From Bro to Blah: Is Country Radio's Shift in Younger Listeners a Crisis or a Driver?


There was a significant moment at the "State of the Music" panel at last week's Country Radio Seminar when WXTU Philadelphia PD Shelly Easton declared that she was not ready for country radio's 18-34 success of recent years to be over. In a market where 25-54 is crowded, "18-34 [and 18-34 are] driving us," said Easton. 

For most of its 30 year history, WXTU was the most AC-leaning radio station in the country format, driven by a belief that country in the northeast especially was an upper-demos format. Easton joined WXTU from the more aggressive WCTO Allentown, Pa., but if WXTU is concerned about its younger end, that's still a major attitude shift.


There'll be no such diplomacy here. Some thoughts on country's tangled relationship with 18-34s, as it now stands.

Other Formats Would Like This "Crisis": Some of this discussion has stemmed from last week's release of a Nielsen Audio format analysis that declared the format's 8.6 share of 18-34 listening in January to be the "lowest non-holiday book share since January 2013," and from a similar analysis of the holiday book. Now recall that in January 2013, the format was already doing better at the young end than anybody could have imagined. An 8.6 share is still an 8.6 share, and still outperforming the format's 7.5 25-54 share. It's an inevitable leveling off, but not an inevitable collapse, because…

Format Cycles Have Been Cancelled Until Further Notice: Prevailing format wisdom once required that Mainstream Top 40 put together about five good years, before entering an extreme phase (disco, rap, Linkin Park) and then doldrums. Format wisdom also held that country could only excel when top 40 was weak. Over the last decade, neither of those things have played out as expected. So who says that country's younger demos have to move on?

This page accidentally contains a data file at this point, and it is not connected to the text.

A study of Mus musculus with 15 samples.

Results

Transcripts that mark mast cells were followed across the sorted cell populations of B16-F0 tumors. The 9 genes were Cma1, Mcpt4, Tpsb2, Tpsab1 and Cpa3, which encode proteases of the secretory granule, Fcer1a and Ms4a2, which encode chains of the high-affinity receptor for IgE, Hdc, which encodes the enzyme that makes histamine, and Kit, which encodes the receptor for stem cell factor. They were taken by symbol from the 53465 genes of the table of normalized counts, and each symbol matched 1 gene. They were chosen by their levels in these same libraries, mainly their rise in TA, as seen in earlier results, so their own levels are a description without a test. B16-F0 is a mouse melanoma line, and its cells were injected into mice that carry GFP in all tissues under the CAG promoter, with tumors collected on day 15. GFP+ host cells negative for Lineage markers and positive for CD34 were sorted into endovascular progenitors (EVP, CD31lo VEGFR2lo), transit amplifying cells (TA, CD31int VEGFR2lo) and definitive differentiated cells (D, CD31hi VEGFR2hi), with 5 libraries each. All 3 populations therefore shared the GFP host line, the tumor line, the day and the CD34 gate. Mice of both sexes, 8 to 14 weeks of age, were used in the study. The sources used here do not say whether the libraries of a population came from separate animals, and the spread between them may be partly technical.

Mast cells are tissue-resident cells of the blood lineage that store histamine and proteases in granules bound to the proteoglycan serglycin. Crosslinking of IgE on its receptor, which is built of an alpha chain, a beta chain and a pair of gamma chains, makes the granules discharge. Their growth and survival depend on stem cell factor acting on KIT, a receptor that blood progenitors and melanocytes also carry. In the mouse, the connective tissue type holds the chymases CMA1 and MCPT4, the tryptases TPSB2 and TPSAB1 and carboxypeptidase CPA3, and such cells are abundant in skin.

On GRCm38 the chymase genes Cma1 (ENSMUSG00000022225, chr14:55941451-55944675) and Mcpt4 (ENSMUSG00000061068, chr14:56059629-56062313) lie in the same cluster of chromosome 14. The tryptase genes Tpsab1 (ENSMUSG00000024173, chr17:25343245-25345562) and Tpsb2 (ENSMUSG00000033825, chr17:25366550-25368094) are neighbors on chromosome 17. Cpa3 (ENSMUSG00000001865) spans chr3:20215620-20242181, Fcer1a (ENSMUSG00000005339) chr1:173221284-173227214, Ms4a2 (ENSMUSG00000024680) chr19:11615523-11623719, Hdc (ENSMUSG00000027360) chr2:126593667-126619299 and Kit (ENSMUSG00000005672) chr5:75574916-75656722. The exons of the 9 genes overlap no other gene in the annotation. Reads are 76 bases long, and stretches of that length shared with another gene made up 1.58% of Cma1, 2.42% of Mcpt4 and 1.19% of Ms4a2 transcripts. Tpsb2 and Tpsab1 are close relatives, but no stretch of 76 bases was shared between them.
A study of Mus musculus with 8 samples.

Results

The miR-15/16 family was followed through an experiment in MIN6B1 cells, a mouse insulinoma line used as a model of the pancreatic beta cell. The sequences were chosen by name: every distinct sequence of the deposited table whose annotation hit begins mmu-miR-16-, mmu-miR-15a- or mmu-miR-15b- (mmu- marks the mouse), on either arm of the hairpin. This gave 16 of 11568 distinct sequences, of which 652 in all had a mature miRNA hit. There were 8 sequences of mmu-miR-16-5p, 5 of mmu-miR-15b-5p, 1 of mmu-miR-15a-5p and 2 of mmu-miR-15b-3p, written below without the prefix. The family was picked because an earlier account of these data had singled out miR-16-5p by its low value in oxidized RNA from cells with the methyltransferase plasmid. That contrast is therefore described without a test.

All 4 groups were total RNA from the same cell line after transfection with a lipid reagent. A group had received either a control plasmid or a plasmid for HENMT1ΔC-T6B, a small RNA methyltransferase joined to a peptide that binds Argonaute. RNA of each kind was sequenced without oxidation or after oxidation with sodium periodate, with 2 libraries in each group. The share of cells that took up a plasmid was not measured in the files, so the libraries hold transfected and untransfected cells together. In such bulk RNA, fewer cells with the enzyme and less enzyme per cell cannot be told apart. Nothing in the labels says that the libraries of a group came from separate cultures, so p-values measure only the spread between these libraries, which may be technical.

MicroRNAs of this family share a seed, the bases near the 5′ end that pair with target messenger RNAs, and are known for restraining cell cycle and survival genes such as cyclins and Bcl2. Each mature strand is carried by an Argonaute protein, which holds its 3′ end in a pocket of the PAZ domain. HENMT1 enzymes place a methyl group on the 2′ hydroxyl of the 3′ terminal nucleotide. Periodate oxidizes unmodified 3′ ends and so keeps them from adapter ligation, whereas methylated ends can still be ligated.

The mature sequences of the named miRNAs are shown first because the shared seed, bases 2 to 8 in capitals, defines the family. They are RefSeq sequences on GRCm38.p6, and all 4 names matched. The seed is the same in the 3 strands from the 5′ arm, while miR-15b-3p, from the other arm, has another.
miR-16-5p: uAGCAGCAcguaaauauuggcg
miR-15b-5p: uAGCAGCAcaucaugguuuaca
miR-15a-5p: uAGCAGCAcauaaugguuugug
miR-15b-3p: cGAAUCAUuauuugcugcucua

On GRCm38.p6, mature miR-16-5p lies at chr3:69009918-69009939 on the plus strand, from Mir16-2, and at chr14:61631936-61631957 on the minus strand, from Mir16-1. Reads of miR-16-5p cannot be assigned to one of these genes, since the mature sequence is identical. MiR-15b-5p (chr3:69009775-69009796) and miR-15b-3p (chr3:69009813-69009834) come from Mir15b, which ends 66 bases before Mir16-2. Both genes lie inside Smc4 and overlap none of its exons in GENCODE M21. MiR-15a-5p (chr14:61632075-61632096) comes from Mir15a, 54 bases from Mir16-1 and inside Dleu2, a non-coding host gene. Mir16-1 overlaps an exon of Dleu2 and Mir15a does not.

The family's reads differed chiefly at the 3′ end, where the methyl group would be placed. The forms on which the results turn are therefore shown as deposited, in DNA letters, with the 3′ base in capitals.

"Bro Country" Could Be A Red Herring: As Helton noted, it's not just 18-34 numbers that are down. While 25-54 is up this month, the two demos have moved largely in the same direction. There's not just an abundance of midtempo hip-hop inflected beats, there's a lack of tempo in general, which is likely being felt by everybody. 

There Is Not Another Movement Upstaging Country: Some of the early speculation has country's numbers affected by the resurgence of urban radio and by the advent of '90s-based "throwback" hip-hop and R&B formats in particular. Those stations are still a relatively limited phenomenon and in the throwback's current showplace market, Indianapolis, both country stations are actually up.

… But There Could Be: It's probably too soon to call what's happening at adult top 40, also cited in the Nielsen analysis, as a musical movement that's distracting 18-34s. But country was upstaged in the '90s by artists like Sheryl Crow and Hootie & the Blowfish who became the initial calling card for top 40's resurgence. It's too soon to say that Milky Chance and George Ezra are having the same impact, but adult top 40 is the format most specializing in the new acoustic music; (except in those few places where a mass-appeal triple-A is available). And they do have a new Taylor Swift album to play.


In the late '90s/early '00s, country radio was often typified by medium-weight records with some tempo, but no texture, as well as a prevailing belief that 35-plus was the natural setpoint of the format. Country's current product isn't by any means as faceless or generic as the music of that era, but there is starting to be some musical resemblance: not "bro country" but "blah country." Country PDs shouldn't choose to usher younger demos out for a number of reasons, but when the product is at its least passive, they rarely have to make that decision anyway.